Looking at Lightroom 6. Help please.

Discussion in 'Digital Discussion & Q&A' started by Canuckphotos, Aug 15, 2017.

  1. Canuckphotos

    Canuckphotos TPF Noob!



    Sent from my iPhone using Tapatalk


     
  2. OGsPhotography

    OGsPhotography No longer a newbie, moving up!


    Phlearn on utube.

    Piximperfect is good as well.

    Dont expect to produce results for a while. If you have a goal ( for me it was simply removing backgrounds and controlling the brushes) teybto stick to that.
     
  3. Braineack

    Braineack Been spending a lot of time on here!

     
  4. birdbonkers84

    birdbonkers84 No longer a newbie, moving up!

     
  5. fmw

    fmw No longer a newbie, moving up!

     
  6. smoke665

    smoke665 TPF Supporters Supporting Member

     
  7. benhasajeep

    benhasajeep No longer a newbie, moving up!

     
  8. KmH

    KmH Helping photographers learn to fish Supporting Member

    The software loads right there on your computer, just like it always has.

    Adobe is not the only software provider that got tired of having their software pirated (stolen) and went from a perpetual use license to a monthly (or yearly) subscription type of use license.
     
  9. smoke665

    smoke665 TPF Supporters Supporting Member

     
  10. Braineack

    Braineack Been spending a lot of time on here!

     
  11. wrangler5

    wrangler5 TPF Noob!


    LR is a package that can manage digital images from initial organization (Library tab) through editing (Develop tab) to output via Printing, Web dissemination or Slide Show creation. (There's also a tab called Map, but I have no idea what its function is.) The database (Library) took a bit of getting used to, but I found that my own scheme for organizing photos into a folder heirarchy by year with subfolders under each year for individual events was easy to incorporate into LR once I got used to starting there to create the new folders as needed. You do have to "Import" your images into LR from the camera or card, but I use that step to (automatically) rename files to my preferred date and time format and dump them into a single folder named Initial Import. That's the folder where I always do the intital review and purge of images I don't want to keep. Once that's done, I can decide whether to move some or all of the images to folders that already exist, or to new folders that I create just before I move the files. If I'm involved in an ongoing event, like a weekend long family reunion, I can import images throughout the weekend and let them sit in Initial Import until they're all there, and then review everything at once. As others have noted, as long as you use LR to do your folder creation and your file moving and deleting, it will always keep track of where your images are. Mine are actually on 2 external drives - the most recent years on one and older years on another.

    The editing power of the Develop module in LR increases with every iteration. Virtually all of my image output is 8x8 black and white prints, and I can now do all of my cropping (LR now has perspective adjustments as well as the usual crop and rotate functions) and almost all of the B&W conversion tools right in LR. I have subscribed to the PS cloud version for several years, for those (increasingly) rare situations where I needed to edit a particular image at the pixel level. And I now have printers that can output suitable B&W images directly from LR - I used to have to export images as JPEGs and print them from another computer that drove dedicated B&W printers, but my new printers can take the output directly. As others have noted, LR never touches the original file (I shoot RAW files if the camera allows it), and even the printing is nondestructive. Only the rare PS-edited image gets permanently changed, but it just ends up as a TIFF file in the same folder as the original, still-untouched RAW file.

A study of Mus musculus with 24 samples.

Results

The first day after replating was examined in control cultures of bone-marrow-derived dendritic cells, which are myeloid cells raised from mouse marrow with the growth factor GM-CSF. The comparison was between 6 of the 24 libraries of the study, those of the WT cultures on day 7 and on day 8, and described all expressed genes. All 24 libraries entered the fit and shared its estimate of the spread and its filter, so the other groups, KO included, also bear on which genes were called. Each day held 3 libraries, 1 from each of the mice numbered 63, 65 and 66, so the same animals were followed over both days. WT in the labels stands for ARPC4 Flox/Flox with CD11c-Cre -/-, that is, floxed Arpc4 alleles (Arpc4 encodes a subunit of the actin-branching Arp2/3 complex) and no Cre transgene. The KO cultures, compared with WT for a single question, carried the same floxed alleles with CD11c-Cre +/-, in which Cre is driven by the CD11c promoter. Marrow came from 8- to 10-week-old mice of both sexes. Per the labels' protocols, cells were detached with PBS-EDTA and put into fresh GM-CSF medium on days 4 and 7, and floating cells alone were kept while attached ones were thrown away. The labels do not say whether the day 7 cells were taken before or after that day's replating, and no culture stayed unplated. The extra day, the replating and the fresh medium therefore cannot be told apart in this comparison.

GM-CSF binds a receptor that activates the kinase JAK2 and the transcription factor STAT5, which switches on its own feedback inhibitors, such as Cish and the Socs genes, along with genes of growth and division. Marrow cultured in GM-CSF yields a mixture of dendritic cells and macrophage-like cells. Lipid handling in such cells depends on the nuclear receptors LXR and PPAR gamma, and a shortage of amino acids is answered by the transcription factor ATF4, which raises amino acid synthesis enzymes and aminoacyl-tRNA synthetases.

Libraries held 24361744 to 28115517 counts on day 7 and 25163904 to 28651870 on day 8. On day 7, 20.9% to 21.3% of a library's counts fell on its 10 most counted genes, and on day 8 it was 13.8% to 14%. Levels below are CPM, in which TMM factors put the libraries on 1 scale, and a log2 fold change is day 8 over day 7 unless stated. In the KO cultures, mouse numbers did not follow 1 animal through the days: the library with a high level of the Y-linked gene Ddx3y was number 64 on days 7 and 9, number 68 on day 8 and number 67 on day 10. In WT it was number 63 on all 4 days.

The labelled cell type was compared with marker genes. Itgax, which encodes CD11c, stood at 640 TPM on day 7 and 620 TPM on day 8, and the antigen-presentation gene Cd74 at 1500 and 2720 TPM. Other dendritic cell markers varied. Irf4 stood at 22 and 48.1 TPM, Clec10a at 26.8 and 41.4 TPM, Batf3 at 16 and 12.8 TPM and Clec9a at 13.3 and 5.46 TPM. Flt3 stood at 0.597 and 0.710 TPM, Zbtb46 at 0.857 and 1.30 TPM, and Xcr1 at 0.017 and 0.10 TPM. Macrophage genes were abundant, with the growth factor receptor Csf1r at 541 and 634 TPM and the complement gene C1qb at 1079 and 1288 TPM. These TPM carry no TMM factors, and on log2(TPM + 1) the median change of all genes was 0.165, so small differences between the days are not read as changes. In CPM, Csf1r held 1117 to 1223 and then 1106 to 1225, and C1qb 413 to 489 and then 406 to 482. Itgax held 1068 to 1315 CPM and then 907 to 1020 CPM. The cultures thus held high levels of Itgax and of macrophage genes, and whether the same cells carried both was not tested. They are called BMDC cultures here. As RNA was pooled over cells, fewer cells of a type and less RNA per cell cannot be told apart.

Like some others, I am concerned about becoming locked into Adobe's subscription model and at the mercy of their periodic pricing decisions. (As PS users now are - PS can only be used on a monthly subscription basis, at whatever fee Adobe wants to charge.) This is why I prefer to pay for standalone copies of LR as long as they're available. I recently bought a standalone upgrade to LR6, but I won't have to buy any further upgrades as long as LR6 continues to do what I need to do. And having evaluated how little I use PS, I recently cancelled my subscription the cloud version of PS and bought the most recent version of PS Elements. It can do the kind of pixel-level editing I (occasionally) need to do outside of LR, and I now have a completely standalone photo suite which I can use without having to make further payment to Adobe, hopefully indefinitely, but at least until such time as Apple revises OSX to the point where these versions no longer work.

    For a new user of these Adobe tools I'd strongly recommend that you start with Lightroom. There are LOTS of instructional videos available from Adobe for free. I frequently end up looking at ones done by Julianne Kost - she's one of the many names that show up on the splash screen when LR opens. She's done a whole bunch of them covering virtually all of the functionalities of the program. I usually end up looking at one after I've done a search for a particular step that I want to take, but I believe she has some that are designed to start at the beginning and walk a newcomer through the basic operations. If the OP doesn't find what he wants in the Terry White videos I'd suggest looking at Ms. Kost's - I think they show up through the Lightroom Help area of the Adobe web site.